The syntax for ta.percentile_nearest_rank() is straightforward:

ta.percentile_nearest_rank(source, length, percentage) → series float

Here’s a breakdown of its arguments:

  • source (series int/float): The series of values to process. This is the data from which the percentile will be calculated.
  • length (series int): This specifies the number of bars back to consider for the calculation. It defines the window size of the dataset.
  • percentage (simple int/float): This is the target percentile to find, specified as a number in the range of 0 to 100.


This function returns the P-th percentile of the source series for the specified length of bars back as a floating-point number. The result is a value that represents the specified percentile within the window of data considered.


Let’s look at a practical example to see how ta.percentile_nearest_rank() can be applied in Pine Script:

indicator("Percentile Nearest Rank Example", overlay=true)
priceData = close
lookbackPeriod = 14
targetPercentile = 90

percentileValue = ta.percentile_nearest_rank(priceData, lookbackPeriod, targetPercentile)
plot(percentileValue, color=color.red, title="90th Percentile")

In this example, we calculate the 90th percentile of the closing prices over the last 14 bars. Then, we plot this value on the chart, allowing traders to visually compare the current price to the calculated percentile.

Code Walkthrough

  1. Indicator Declaration:
    • //@version=5: Specifies the version of Pine Script being used, in this case, version 5, which is the latest at the time of writing.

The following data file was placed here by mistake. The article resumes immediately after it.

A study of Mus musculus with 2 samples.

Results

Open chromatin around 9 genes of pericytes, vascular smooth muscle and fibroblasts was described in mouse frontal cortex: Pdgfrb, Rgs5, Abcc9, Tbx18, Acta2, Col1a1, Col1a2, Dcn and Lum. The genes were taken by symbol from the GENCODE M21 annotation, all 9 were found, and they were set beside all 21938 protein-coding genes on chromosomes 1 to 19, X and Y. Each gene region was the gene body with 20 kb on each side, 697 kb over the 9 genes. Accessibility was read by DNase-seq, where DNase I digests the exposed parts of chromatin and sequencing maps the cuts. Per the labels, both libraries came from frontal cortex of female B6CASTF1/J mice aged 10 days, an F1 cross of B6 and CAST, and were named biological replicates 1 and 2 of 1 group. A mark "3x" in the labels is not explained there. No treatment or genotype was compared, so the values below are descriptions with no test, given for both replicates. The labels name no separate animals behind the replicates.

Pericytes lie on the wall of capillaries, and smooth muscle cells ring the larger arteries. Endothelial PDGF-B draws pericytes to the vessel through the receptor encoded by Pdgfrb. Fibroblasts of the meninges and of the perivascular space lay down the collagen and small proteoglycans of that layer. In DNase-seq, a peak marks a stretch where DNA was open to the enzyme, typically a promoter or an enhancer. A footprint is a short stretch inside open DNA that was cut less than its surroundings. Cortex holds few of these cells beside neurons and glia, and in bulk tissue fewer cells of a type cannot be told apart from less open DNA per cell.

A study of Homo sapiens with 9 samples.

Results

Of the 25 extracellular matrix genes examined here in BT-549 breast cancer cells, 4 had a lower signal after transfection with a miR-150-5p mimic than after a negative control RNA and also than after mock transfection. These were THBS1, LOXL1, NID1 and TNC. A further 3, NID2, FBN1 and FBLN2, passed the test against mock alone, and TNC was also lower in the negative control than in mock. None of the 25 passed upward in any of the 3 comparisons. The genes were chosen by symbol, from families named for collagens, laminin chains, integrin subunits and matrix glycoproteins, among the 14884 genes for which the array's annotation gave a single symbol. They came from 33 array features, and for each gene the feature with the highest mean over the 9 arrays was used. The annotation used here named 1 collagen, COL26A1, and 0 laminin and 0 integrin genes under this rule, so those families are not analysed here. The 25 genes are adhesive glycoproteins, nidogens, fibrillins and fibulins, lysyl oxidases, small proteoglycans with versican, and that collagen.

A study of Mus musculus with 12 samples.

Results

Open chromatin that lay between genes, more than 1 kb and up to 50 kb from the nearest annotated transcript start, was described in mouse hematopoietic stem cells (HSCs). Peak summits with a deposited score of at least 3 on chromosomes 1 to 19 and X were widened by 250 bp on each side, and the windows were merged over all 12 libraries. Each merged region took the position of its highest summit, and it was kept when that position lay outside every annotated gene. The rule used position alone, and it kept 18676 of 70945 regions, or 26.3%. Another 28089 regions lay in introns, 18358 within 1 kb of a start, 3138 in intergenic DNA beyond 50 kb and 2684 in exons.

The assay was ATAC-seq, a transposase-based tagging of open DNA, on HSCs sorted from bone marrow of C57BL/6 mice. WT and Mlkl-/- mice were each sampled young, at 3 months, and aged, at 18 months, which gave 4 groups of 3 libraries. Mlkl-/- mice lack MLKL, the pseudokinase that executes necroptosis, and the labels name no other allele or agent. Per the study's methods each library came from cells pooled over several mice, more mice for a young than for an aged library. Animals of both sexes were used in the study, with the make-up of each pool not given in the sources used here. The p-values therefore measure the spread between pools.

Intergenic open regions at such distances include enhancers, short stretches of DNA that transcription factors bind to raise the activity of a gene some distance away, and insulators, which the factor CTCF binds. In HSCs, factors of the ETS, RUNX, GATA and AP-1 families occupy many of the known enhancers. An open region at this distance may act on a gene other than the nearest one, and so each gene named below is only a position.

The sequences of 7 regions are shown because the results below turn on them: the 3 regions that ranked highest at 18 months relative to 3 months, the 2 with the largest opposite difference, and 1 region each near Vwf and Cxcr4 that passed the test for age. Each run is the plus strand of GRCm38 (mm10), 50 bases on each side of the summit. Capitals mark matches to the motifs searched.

• indicator("Percentile Nearest Rank Example", overlay=true): Declares a new indicator with the title “Percentile Nearest Rank Example”. The overlay=true parameter means this indicator will be plotted directly on the price chart, overlaying the price data.
  2. Variable Initialization:
    • priceData = close: Assigns the closing price of each bar to the variable priceData. This variable will serve as the source data for the percentile calculation.
    • lookbackPeriod = 14: Sets the lookback period to 14 bars. This defines the window size of the dataset to be considered for the percentile calculation.
    • targetPercentile = 90: Specifies that the target percentile to calculate is the 90th percentile. This value indicates the desired threshold percentile.
  3. Percentile Calculation:
    • percentileValue = ta.percentile_nearest_rank(priceData, lookbackPeriod, targetPercentile): This line is where the percentile calculation happens. The function ta.percentile_nearest_rank() is called with three arguments: the source data (priceData), the length of the lookback period (lookbackPeriod), and the target percentile (targetPercentile). The result of this function, which is the 90th percentile value of the closing prices over the specified lookback period, is stored in the variable percentileValue.
  4. Plotting the Percentile Value:
    • plot(percentileValue, color=color.red, title="90th Percentile"): This line plots the calculated 90th percentile value on the chart. The plot will be colored red (specified by color=color.red), and it will have the title “90th Percentile” to make it easily identifiable on the chart.

Key Features and Takeaways

  • Function Usability: The ta.percentile_nearest_rank() function is invaluable for statistical analysis over a series of values, offering insights into the distribution of data points.
  • Syntax and Application: It accepts three parameters (source, length, percentage) to provide a versatile tool for analyzing market conditions across different time frames and percentile targets.
  • Practical Utility: By identifying where the current price stands relative to historical data, traders can make more informed decisions based on the relative strength or weakness of the market.

Understanding and applying the ta.percentile_nearest_rank() function can significantly enhance your market analysis, enabling a deeper dive into the data’s statistical properties.